The Lapsus$ data extortion group leaked today a huge collection of confidential data they claim to be from Samsung Electronics, the South Korean giant consumer electronics company.
The leak comes less than a week after Lapsus$ released a 20GB document archive from 1TB of data stolen from Nvidia GPU designer.
Gang teases Samsung data leak
In a note posted earlier today, the extortion gang teased about releasing Samsung data with a snapshot of C/C++ directives in Samsung software.
Shortly after teasing their followers, Lapsus$ published a description of the upcoming leak, saying that it contains “confidential Samsung source code” originating from a breach.
- source code for every Trusted Applet (TA) installed in Samsung’s TrustZone environment used for sensitive operations (e.g. hardware cryptography, binary encryption, access control)
- algorithms for all biometric unlock operations
- bootloader source code for all recent Samsung devices
- confidential source code from Qualcomm
- source code for Samsung’s activation servers
- full source code for technology used for authorizing and authenticating Samsung accounts, including APIs and services
If the details above are accurate, Samsung has suffered a major data breach that could cause huge damage to the company.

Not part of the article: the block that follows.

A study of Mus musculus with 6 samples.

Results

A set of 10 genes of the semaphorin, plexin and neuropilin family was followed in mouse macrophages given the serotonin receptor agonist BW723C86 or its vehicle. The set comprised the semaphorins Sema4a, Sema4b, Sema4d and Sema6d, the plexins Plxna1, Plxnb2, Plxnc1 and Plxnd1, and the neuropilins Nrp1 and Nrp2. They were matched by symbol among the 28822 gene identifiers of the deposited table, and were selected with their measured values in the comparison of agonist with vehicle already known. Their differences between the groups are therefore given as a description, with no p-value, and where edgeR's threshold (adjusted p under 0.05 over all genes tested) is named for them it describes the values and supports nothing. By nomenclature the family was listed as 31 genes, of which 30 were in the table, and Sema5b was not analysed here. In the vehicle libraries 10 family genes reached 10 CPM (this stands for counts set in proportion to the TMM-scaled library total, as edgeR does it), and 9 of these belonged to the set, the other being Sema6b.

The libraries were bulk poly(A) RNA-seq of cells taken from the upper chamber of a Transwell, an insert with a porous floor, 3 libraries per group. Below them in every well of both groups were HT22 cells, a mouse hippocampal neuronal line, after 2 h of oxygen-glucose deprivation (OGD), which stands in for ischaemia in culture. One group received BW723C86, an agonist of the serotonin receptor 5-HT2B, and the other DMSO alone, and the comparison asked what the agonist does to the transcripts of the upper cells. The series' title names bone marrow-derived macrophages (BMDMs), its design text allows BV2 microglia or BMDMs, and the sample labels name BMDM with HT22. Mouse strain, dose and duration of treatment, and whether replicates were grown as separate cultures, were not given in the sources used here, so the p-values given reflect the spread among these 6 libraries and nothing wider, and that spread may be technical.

Lapsus$ split the leaked data in three compressed files that add to almost 190GB and made them available in a torrent that appears to be highly popular, with more than 400 peers sharing the content. The extortion group also said that it would deploy more servers to increase the download speed.
Included in the torrent is also a brief description for the content available in each of the three archives:
- Part 1 contains a dump of source code and related data about Security/Defense/Knox/Bootloader/TrustedApps and various other items
- Part 2 contains a dump of source code and related data about device security and encryption
- Part 3 contains various repositories from Samsung Github: mobile defense engineering, Samsung account backend, Samsung pass backend/frontend, and SES (Bixby, Smartthings, store)
It is unclear if Lapsus$ contacted Samsung for a ransom, as they claimed in the case of Nvidia.
BleepingComputer has contacted Samsung for a statement about the Lapsus$ data leak and will update the article when the company replies.